TikTok, the global video-sharing platform, has taken legal action against the US state of Montana, filing a lawsuit to challenge a bill that aims to ban the popular short-form video app from the state starting in early 2024.
According to TikTok's complaint, the company argues that the ban violates several provisions of the US Constitution, including the First Amendment, as well as other federal laws. Additionally, TikTok disputes concerns that the Chinese government could access the data of US TikTok users, which was cited as a primary reason for the ban, labeling such concerns as "unfounded."
The bill, signed by Montana's Governor Greg Gianforte last week, imposes a daily fine of $10,000 (around £8,000) on TikTok and app stores for making the app available on personal devices within the state at the beginning January 1, 2024.
In response, a TikTok spokesperson, Brooke Oberwetter, stated that the company is challenging Montana's unconstitutional ban in order to protect its business and the hundreds of thousands of TikTok users in Montana. The spokesperson expressed confidence that TikTok's legal challenge is supported by strong precedents and facts.
Montana's Attorney General's spokesperson, Emily Flower, acknowledged that legal challenges were anticipated and assured that the state is fully prepared to defend the law, emphasizing its role in protecting the privacy and security of Montanans.
Meanwhile, China's Foreign Ministry condemned Montana's ban, labeling it as an "abuse of state power" and stressing the lack of evidence provided by the US to substantiate the claim that TikTok poses a threat to national security.
The motivation behind Montana's ban stems from mounting criticism of TikTok's ties to China through its parent company, ByteDance.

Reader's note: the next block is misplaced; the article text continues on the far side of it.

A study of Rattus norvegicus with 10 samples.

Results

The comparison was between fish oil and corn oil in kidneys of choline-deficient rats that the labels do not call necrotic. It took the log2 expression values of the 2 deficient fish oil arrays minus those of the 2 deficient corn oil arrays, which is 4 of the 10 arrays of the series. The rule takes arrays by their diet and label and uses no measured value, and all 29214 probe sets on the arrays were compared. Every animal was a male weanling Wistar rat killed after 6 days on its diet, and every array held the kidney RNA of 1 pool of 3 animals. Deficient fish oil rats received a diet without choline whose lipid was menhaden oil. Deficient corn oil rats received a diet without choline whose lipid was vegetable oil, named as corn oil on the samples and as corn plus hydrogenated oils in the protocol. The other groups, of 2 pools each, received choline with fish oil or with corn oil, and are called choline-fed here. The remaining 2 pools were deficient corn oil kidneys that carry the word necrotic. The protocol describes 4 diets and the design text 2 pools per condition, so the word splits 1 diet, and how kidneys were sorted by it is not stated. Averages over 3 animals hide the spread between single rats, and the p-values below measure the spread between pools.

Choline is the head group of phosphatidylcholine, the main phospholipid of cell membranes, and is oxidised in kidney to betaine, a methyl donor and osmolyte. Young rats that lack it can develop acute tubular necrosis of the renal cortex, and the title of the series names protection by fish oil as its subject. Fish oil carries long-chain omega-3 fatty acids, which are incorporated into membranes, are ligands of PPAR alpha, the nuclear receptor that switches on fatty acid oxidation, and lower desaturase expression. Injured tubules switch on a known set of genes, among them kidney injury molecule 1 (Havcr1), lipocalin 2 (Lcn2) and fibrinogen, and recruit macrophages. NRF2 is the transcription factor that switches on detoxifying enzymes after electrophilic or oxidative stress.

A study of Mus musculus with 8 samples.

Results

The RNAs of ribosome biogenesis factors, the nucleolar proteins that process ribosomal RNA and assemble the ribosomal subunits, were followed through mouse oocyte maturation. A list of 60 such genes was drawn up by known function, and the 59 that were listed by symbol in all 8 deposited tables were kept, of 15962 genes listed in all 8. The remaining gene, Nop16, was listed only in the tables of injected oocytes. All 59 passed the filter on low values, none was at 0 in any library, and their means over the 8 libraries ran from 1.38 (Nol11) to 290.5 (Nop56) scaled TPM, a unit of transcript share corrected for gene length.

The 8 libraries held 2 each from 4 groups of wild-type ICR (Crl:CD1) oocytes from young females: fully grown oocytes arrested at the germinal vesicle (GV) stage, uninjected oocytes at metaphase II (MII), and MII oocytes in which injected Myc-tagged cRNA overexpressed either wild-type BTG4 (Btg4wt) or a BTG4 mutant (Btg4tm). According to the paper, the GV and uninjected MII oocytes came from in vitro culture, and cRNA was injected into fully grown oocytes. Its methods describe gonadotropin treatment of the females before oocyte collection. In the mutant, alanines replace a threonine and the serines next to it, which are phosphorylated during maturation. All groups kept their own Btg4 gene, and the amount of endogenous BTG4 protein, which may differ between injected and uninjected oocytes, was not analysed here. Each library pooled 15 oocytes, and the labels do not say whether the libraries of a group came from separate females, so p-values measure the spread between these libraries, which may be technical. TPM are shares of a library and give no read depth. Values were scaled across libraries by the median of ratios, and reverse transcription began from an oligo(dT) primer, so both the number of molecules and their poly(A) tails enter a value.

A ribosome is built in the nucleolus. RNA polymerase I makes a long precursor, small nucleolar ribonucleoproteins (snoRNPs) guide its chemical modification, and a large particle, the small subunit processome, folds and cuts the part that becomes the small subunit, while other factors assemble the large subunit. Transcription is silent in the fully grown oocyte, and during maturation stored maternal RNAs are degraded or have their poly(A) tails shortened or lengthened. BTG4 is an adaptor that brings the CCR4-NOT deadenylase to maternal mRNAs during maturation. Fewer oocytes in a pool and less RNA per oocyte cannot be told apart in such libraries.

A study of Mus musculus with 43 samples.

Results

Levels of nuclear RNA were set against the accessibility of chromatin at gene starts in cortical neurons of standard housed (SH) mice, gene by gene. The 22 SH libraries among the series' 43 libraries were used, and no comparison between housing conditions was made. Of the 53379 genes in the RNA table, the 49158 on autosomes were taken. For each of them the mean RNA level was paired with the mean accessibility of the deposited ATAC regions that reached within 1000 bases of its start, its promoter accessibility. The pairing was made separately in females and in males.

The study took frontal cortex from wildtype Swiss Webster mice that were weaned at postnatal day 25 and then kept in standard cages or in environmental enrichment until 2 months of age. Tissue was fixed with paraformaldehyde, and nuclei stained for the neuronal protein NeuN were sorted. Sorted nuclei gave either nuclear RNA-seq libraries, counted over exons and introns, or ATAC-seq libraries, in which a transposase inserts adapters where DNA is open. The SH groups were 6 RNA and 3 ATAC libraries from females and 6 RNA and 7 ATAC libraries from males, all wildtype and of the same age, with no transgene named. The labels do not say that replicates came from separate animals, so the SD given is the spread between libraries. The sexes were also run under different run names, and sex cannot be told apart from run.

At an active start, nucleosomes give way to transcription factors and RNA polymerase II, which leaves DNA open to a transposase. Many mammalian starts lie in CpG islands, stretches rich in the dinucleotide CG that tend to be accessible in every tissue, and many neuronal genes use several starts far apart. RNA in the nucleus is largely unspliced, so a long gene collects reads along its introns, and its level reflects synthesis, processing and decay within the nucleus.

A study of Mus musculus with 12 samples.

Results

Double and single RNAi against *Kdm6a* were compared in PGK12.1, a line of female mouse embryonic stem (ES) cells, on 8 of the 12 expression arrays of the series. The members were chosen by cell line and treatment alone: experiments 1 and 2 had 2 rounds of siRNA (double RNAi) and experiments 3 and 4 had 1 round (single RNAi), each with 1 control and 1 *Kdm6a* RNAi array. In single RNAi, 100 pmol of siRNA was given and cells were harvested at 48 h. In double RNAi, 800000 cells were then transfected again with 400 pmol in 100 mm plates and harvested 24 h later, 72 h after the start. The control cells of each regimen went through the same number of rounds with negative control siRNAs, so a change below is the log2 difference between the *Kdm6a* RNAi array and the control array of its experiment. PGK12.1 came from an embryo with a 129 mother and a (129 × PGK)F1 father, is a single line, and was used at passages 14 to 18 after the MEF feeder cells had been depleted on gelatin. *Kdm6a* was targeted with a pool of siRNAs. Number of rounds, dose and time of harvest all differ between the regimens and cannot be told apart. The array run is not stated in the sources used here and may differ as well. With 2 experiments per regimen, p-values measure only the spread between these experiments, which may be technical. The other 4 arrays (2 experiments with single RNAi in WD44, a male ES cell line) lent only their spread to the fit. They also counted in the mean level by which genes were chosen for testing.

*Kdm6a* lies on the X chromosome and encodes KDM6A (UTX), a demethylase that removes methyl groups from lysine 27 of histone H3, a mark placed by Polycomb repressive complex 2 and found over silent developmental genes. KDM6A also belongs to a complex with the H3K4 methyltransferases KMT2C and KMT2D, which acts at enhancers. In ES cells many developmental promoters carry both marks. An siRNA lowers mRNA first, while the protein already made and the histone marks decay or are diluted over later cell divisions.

Despite concerns expressed by many US officials regarding potential data access by the Chinese government for spying purposes, no concrete evidence supporting such claims has been presented a this time. Some federal lawmakers have also called for a ban on TikTok.
However, Montana's ban goes beyond restrictions imposed by other states that have limited TikTok usage on government devices. Nevertheless, legal and technology experts suggest that enforcing such a ban poses challenges, not only for Montana but for any state, due to the practicalities of the internet. Even if the law were to stand, it may be difficult to prevent TikTok from being accessed by users.
TikTok's complaint highlights that the app is widely used by "hundreds of thousands" of people in Montana for various purposes, such as communication and discussions on a wide range of topics.
The company argues that the ban's severe infringement on First Amendment speech, based on unsubstantiated speculation regarding foreign government access to user data and content, directly contradicts constitutional principles. TikTok seeks a court ruling to invalidate the ban and permanently prevent Montana from enforcing it.
The legal challenge initiated by TikTok underscores the obstacles that Montana and other lawmakers may face in their attempts to restrict the platform within the United States. In a separate case, a group of TikTok creators also sued Montana last week, asserting that the state's ban infringes upon their First Amendment rights.
While this sounds like a total violation to TikTok users who use the platform professionally to make money and deliver content to thousands of users, we also hear a lot about how the platform is a contradiction to a lot of stories across the world - will Montana win, of is TikTok going to be victorious who knows but it certainly is an interesting story to keep an eye on.